Edward Davey, Secretary of State for Energy and Climate Change says the bill “includes measures necessary to reform the electricity market to deliver secure, clean and affordable electricity. At the heart of our Electricity Market Reform (EMR) measures are Feed-in-Tariffs with Contracts for Difference (CfDs), long-term instruments which will provide stable and predictable incentives for companies to invest in low-carbon generation.”
Davey, who states CfDs are more affordable than other incentives and are a better deal for consumers, explains that “Through the work on Final Investment Decisions (FID) Enabling we are committed to working with developers to enable some of this investment to come forward in advance of the CfD regime coming into force, and the Bill contains measures to support this process.”
This Bill, designed to establish a legislative framework for delivering secure, affordable and low carbon energy, includes provisions for Contracts for Difference to provide stable and predictable incentives for companies to invest in low-carbon generation; Investment Instruments that enable early investment in advance of the CfD regime coming into force; Capacity Market that ensure the security of electricity supply; Conflicts of Interest and Contingency Arrangements to ensure the institution that delivers these schemes is fit for purpose; Renewables Transitional for investments under the renewables obligation scheme; and Emissions Performance Standard to limit carbon dioxide emissions from new fossil fuel power stations.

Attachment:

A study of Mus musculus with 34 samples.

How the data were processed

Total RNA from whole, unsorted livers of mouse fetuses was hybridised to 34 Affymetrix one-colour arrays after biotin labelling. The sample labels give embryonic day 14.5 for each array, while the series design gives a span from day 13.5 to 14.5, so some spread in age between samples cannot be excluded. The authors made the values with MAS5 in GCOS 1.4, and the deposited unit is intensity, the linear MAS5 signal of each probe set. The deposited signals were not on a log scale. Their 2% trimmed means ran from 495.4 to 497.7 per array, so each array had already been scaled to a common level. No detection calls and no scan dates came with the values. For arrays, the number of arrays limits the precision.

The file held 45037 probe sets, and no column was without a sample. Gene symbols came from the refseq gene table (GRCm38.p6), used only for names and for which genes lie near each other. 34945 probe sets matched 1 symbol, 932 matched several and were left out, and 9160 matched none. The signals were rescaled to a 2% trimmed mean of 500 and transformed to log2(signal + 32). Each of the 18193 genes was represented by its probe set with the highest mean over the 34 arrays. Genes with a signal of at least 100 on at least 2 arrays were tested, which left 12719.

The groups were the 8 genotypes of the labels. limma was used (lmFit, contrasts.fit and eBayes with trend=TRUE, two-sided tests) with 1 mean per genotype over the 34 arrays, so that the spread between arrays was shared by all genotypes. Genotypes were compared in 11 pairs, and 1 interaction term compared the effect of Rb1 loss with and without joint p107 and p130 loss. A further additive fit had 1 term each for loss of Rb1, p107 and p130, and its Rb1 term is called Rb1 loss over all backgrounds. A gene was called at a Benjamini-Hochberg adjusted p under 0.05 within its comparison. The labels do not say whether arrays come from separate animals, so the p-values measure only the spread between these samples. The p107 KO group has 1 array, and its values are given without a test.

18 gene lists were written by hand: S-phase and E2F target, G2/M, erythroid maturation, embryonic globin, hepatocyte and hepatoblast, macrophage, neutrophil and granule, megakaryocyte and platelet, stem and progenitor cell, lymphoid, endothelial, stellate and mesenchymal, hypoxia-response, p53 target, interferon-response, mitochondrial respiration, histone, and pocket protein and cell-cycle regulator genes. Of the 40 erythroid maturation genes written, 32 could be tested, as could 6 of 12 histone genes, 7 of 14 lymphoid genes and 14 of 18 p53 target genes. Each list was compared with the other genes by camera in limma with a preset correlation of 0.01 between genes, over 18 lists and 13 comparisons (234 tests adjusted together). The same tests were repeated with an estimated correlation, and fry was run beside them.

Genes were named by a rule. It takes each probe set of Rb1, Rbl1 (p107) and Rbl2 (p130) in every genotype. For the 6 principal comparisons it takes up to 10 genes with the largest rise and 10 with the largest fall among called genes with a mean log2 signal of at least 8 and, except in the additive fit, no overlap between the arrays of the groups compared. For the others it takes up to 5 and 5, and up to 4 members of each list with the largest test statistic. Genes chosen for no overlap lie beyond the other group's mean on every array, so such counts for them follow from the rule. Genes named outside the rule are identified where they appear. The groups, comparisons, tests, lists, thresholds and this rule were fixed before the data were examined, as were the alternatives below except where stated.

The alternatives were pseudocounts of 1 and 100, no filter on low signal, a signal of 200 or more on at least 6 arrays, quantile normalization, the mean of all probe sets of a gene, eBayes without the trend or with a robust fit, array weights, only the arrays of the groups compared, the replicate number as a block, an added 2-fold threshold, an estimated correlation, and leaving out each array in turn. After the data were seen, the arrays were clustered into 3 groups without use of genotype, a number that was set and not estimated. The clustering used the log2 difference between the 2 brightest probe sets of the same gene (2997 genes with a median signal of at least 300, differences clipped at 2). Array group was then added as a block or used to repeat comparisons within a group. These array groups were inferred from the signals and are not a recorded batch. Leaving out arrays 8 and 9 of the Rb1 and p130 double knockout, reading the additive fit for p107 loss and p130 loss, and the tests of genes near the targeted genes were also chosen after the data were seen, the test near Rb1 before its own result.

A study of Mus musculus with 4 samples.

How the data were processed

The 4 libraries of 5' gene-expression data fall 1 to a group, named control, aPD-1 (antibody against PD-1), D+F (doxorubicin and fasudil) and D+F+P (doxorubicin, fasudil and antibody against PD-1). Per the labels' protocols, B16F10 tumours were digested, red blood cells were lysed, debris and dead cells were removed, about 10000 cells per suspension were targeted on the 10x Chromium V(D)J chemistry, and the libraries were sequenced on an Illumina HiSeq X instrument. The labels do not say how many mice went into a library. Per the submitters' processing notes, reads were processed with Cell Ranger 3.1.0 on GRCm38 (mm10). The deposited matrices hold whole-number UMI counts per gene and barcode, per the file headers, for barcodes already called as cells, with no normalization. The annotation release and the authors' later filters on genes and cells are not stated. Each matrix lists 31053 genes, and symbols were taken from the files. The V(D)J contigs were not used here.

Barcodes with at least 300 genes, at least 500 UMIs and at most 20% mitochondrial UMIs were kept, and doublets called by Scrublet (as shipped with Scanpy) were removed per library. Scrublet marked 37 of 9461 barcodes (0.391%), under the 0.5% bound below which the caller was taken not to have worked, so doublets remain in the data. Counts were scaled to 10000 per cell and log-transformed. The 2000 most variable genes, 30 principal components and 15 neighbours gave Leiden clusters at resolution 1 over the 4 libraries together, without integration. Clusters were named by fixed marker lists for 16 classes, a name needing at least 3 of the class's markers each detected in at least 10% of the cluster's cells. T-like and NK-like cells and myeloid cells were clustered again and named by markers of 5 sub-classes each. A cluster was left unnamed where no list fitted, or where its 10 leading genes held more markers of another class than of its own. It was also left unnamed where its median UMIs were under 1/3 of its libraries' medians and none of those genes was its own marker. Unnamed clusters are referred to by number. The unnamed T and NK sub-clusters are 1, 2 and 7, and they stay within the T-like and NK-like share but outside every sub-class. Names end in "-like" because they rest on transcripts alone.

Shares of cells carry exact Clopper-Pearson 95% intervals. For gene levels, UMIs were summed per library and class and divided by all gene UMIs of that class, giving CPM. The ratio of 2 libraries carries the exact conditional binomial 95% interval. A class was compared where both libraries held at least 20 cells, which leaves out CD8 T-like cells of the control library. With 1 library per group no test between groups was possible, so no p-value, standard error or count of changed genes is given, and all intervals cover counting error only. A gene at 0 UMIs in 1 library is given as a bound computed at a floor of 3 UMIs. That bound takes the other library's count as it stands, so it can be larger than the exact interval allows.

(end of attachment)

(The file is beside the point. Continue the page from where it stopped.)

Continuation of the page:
The Energy Bill will also ensure that the “Government and Ofgem are aligned at a strategic level through a Strategy and Policy Statement (SPS), as recommended in the Ofgem Review of July 2011.”
Davey adds: “Taken as a whole, EMR will enable large-scale investment in low-carbon generation capacity in the UK and deliver security of supply, in a cost-effective way.
In addition to EMR, the Energy Bill will also improve regulatory certainty by ensuring that Government and Ofgem are aligned at a strategic level through a Strategy and Policy Statement (SPS), as recommended in the Ofgem Review of July 2011.”
Sentec CEO Mark England, says the finalization of the Electricity Market Reform is much welcome. “The EMR highlights the government’s commitment to cleaner energy and its dedication to deliver secure, clean, and affordable electricity, and ensure prices are fair. It’s great to see the government looking for ways to encourage renewable generation and reduced energy consumption.”
However, England adds: “All these technological changes will put an immense strain on our national grid. For the network to cope with the strain, careful investment is needed. Priority areas that need to be considered include successful management of the extra stresses on the grid, and a focus on measure, analyze, manage as the principle we need to follow. Some areas of the network such as the LV section are currently not monitored continuously which need to be addressed if a truly smart grid is to be realized. Intelligent systems will also need to be deployed to get the important information and alerts out of the data produced when the DECC smart meter rollout is complete.”